Our experienced criminal law solicitors have prepared a brief overview of the law relating to possess implements of housebreaking.
If you or someone you care about is facing this charge, you need specific advice and should contact Gatenby Criminal Lawyers on 55800120 for advice.
For more information on other similar charges, visit our PROPERTY OFFENCES.
Possessing Implements of Housebreaking – The Law
Section 425 of the Queensland Criminal Code creates the offence.
(1) Any person who is found under any of the circumstances following, that is to say—
(a) being armed with any dangerous or offensive weapon or instrument, or a noxious substance, and being so armed with intent to break or enter a dwelling or premises, and to commit an indictable offence therein;
(b) having in his or her possession anything intended for use in or in connection with the commission of an offence defined in section 419 or 421 ;
(c) having in the person’s possession by night without lawful excuse, the proof of which lies on the person, any instrument of housebreaking;
(d) having in the person’s possession by day any such instrument with intent to commit an indictable offence;
(e) having his or her face masked or blackened or being otherwise disguised, with intent to commit an indictable offence;
is guilty of a crime.
Subsection 425(2) defines a circumstance of aggravation as the accused previously being convicted of a crime relating to property.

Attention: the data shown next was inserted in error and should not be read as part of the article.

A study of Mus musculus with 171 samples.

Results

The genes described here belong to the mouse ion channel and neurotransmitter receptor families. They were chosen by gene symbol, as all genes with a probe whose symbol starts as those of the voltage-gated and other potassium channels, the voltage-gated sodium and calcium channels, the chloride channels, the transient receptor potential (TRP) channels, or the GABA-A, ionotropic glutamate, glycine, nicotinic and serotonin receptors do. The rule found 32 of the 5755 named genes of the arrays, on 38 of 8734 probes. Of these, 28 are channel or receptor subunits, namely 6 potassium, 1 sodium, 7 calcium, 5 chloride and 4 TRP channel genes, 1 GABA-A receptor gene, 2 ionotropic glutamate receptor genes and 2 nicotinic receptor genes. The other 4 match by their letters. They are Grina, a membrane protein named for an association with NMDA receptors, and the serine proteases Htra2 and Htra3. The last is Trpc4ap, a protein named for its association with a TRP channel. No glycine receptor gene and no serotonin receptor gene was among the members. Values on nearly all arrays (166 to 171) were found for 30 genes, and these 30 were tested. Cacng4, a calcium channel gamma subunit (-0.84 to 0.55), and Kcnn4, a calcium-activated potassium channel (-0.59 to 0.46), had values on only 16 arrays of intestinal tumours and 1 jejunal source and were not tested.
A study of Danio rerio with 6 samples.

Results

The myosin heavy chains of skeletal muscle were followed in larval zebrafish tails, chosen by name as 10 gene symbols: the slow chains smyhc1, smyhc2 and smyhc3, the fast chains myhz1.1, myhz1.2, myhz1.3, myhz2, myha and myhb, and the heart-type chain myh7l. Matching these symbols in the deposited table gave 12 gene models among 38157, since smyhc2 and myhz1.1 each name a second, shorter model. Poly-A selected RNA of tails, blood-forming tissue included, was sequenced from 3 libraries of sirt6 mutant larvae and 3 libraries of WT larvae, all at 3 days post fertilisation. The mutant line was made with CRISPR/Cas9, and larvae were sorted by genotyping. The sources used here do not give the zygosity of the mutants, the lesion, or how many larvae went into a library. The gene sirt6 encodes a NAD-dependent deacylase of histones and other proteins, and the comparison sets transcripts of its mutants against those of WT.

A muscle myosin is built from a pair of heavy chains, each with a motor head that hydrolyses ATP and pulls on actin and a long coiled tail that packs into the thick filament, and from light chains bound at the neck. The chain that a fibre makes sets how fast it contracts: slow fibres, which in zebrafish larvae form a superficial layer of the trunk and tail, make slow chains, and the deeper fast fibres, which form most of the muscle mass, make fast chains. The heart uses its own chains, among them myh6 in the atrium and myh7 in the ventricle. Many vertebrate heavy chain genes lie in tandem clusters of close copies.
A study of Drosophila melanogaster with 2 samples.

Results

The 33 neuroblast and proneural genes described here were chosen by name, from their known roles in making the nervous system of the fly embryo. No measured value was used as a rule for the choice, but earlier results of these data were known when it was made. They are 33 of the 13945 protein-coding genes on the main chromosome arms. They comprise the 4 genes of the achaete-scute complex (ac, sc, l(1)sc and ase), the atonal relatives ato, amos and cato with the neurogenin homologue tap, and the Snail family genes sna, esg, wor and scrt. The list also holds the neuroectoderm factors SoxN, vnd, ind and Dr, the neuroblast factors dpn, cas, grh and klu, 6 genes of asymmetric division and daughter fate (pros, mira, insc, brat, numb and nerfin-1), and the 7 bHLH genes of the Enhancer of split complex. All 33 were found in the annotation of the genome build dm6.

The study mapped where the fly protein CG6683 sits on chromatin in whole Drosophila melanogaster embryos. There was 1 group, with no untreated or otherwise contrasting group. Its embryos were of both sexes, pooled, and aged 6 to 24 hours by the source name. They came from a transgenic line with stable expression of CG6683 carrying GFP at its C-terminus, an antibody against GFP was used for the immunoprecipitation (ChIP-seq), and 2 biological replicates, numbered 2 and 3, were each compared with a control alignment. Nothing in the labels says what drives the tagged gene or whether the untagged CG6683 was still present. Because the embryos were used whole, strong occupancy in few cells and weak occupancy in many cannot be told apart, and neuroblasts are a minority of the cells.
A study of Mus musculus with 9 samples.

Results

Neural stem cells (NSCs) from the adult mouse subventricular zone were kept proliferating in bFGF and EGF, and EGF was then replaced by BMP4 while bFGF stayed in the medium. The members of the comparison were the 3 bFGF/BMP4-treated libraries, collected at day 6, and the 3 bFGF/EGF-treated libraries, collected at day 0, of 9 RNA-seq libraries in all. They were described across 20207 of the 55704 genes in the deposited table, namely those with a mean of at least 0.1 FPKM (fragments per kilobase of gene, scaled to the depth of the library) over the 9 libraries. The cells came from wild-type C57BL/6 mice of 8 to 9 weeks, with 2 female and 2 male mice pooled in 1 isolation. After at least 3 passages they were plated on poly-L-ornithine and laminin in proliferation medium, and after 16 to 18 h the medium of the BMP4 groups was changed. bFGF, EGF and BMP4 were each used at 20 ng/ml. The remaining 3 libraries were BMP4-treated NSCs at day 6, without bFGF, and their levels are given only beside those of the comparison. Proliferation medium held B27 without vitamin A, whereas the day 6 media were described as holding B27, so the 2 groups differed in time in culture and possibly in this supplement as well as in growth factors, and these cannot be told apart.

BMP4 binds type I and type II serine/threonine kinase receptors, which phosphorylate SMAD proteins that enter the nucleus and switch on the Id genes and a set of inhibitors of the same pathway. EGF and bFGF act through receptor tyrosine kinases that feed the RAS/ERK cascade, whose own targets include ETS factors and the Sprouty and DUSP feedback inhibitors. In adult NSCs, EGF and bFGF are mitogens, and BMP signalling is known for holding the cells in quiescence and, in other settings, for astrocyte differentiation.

Elements of the offence
To be found guilty of the offence of possess implements of house breaking, the prosecution is required to prove, beyond a reasonable doubt, the following elements:
- The accused was found by night, between 9pm and 6am;
- The accused had possession of instruments of house breaking;
- The accused had no lawful excuse.
The maximum penalty for the allegation of possess instruments of house breaking is 3 years imprisonment.
The aggravated offence carries a maximum penalty of 7 years imprisonment.
Jurisdiction – Where will the matter be heard?
The offence is indictable and in most cases will be heard in the District Court.
Conviction – Does a conviction have to be recorded?
The sentencing Court has a discretion whether or not to record a conviction against you for the offence of fraud. Generally a conviction would not be recorded for a minor first offence for this type of offence, although one is likely for subsequent convictions, or where a circumstance of aggravation is made out.
The relevant factors are set out in section 12 of the Penalties and Sentences Act 1992, and include, the nature of the offence, the offenders character and age, together with the impact the recording a conviction would have on the offenders chances of finding employment. If you are concerned about a conviction being recorded on you or a loved you should seek legal advice.
For specific legal advice you should immediately contact Gatenby Criminal Lawyers on (07) 5580 0120.